Fear knot: No matter what outdoor activity you have planned for this weekend, we have the knot for you. I have a sailing and boating background, so I’ve always been interested in learning new knots. Properly tied knots are effective solutions to many outdoor challenges. I even use knots in my everyday life, and now you will too!
Camping, hunting, sailing, fishing and climbing are all hobbies that involve knot tying. However, even if you can’t remember a time where you needed a knot that you couldn’t tie, it is essential to know these basic knots. I kid you knot, they could save your life one day in an emergency situation.
(pronounced boh-lin not bow line) Although the bowline originated on sail boats, it performs well in almost every situation. You can use a bowline to tie up a piñata, affix a water bottle or shoes to your bag, or tie on a boat anchor. The possibilities are endless, but it is also ideal for rescue situations.
You can tie it around a tree, rock or pole to lower yourself down a hill, or tie it around someone’s waist to pull them up or out of danger. This knot’s core function is to create a fixed loop in one piece of line. When it is tied correctly, it will look like a pacifier or life jacket.
Taut Line Hitch
This knot behaves similarly to the bowline in that it creates a loop, but the taut line hitch’s loop is not fixed. You can slide the taut line hitch to your desired length, and when it is loaded up, the loop will stay the same size until you provide it slack and resize it. This knot is ideal for hanging hammocks or securing a rain fly to tent stakes. You can tie anything down with this knot or use it to haul gear into a tree stand.
An especially convenient feature of the taut line hitch is that you can tie this knot with slack in it and then expand the loop, tightening the line as you wish. This is easier than keeping tension in the line the entire time to keep it taut.
Figure Eight on a Bight
“On a bight” means the knot can be tied without access to the ends of the line. This knot is used to attach a rope to a harness or carabiner when climbing. The traditional figure eight knot is used as a stopper knot, but the figure eight on a bight is, in my opinion, more useful in wilderness situations.
Even if climbing isn’t your passion (I’m afraid of heights), the figure eight on a bright is worth knowing if you’re forced to climb in an emergency situation. It is a typically fail-safe knot capable of holding large loads. However, as with any knot you’re trusting with your life, make sure to check the rope’s weight capacity to avoid nasty snaps.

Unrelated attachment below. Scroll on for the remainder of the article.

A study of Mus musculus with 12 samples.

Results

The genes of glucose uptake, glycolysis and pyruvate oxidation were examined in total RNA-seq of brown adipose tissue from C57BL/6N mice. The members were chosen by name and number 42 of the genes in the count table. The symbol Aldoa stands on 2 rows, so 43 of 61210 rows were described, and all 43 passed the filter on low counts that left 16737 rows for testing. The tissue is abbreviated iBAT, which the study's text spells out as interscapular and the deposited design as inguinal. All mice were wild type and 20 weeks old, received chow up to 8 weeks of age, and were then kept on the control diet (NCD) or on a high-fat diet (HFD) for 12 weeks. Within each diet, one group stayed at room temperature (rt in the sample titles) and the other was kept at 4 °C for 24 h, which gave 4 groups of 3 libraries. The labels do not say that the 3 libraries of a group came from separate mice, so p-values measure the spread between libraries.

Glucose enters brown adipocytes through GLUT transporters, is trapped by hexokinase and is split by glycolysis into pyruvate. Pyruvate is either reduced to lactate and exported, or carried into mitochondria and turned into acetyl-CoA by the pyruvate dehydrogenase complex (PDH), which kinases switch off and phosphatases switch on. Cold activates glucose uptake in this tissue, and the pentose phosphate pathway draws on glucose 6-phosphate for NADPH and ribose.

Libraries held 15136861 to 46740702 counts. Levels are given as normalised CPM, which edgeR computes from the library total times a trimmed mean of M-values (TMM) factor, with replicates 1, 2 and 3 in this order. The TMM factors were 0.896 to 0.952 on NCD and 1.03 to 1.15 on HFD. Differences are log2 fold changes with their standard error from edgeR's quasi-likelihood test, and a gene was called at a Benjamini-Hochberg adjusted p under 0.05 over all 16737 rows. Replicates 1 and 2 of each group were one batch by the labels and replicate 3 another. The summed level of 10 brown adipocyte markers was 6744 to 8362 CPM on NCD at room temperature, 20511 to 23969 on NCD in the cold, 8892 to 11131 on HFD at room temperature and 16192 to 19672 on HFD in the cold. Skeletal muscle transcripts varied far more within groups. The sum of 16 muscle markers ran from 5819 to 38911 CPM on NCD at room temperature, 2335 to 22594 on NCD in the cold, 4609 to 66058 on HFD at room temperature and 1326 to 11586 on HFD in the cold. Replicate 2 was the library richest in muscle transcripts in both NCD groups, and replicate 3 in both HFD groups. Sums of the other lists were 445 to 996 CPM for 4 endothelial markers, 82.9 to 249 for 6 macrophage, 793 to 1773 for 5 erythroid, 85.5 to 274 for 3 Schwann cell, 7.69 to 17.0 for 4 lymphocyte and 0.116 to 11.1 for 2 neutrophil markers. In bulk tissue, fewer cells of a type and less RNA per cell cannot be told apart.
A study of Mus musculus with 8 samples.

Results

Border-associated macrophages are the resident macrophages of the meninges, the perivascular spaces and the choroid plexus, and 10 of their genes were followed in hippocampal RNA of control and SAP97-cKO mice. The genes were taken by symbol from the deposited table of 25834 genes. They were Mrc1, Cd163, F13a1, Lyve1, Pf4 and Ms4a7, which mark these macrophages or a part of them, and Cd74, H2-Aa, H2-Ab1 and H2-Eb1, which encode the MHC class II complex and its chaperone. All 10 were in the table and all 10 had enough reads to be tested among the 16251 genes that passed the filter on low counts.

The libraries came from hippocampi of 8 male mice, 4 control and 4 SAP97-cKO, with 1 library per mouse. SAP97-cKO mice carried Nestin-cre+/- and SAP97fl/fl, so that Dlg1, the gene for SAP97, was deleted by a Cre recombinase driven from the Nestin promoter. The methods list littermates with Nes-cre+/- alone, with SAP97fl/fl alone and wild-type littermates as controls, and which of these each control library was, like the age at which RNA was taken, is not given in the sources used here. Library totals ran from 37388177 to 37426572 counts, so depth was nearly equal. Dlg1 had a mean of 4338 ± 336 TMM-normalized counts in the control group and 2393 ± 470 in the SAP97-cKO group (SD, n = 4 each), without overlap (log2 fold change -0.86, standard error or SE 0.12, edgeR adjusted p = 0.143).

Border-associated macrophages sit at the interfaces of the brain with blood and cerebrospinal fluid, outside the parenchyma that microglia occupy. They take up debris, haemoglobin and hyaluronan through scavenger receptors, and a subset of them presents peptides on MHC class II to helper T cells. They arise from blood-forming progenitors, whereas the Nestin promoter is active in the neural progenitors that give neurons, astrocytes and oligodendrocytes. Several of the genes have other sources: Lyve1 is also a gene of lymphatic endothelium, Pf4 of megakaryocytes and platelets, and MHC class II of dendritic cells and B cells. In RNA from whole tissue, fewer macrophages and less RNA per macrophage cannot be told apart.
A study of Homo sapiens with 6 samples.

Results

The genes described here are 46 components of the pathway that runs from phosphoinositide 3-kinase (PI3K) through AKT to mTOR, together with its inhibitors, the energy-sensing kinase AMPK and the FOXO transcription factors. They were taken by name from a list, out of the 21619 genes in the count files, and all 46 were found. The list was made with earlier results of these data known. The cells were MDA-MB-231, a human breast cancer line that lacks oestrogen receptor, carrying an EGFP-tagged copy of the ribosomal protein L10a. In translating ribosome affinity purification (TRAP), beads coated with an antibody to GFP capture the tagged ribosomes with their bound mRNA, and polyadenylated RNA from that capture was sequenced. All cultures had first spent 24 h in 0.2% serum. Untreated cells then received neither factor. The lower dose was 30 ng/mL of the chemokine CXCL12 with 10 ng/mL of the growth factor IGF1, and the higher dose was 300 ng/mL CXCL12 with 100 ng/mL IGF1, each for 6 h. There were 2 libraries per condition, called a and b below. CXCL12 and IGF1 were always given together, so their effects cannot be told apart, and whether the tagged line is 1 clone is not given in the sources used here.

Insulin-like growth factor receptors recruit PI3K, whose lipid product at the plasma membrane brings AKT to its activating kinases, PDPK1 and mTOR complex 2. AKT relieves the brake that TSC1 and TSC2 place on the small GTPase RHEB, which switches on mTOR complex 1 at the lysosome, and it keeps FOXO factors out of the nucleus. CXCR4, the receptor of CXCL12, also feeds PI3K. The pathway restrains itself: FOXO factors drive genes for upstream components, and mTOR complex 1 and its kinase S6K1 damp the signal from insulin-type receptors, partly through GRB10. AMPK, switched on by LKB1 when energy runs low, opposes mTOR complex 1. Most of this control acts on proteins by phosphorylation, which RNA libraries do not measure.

The sheet bend is used to tie two ropes together. It is more versatile and reliable than the perhaps more well-known square knot. The square knot will only work if the ropes are the same diameter. A sheet bend will work with equal or differently sized lines.
Temporarily combining two lines is useful if you need to lengthen your rope or secure it to another line. You can also use this knot to repair a net, as it is commonly used in weaving.
The word “slip” tends to scare people away from using this knot. However, it is simply an adjustable loop that is easily untied if you deliberately pull the standing line. It is ideal for situations where you might want to quickly undo your knot.
The slip knot is great for temporarily tethering animals to a pole or tree. You can also use it to tie down a boat cover or restrain cargo with trailer ties. The slip knot can handle most things that needs to be temporarily secured.
Finally (for all of the fisherwomen patiently waiting), I wanted to include a simple knot to attach a hook to fishing line. Ideally, you should trim the excess line or tie the knot leaving a very small tail. If you’re lucky enough to have hooks and line on hand should you get lost in the woods, fishing might be a good survival strategy.
Even if you don’t find yourself lost in the wilderness, it is a worthy knot to know in case you’re invited on a fishing trip. Fishing can be a fun way to get in touch with nature while scoring some good grub while you’re at it. With COVID-19 still breathing down our necks, a boat in the middle of an empty lake might be your ideal retreat.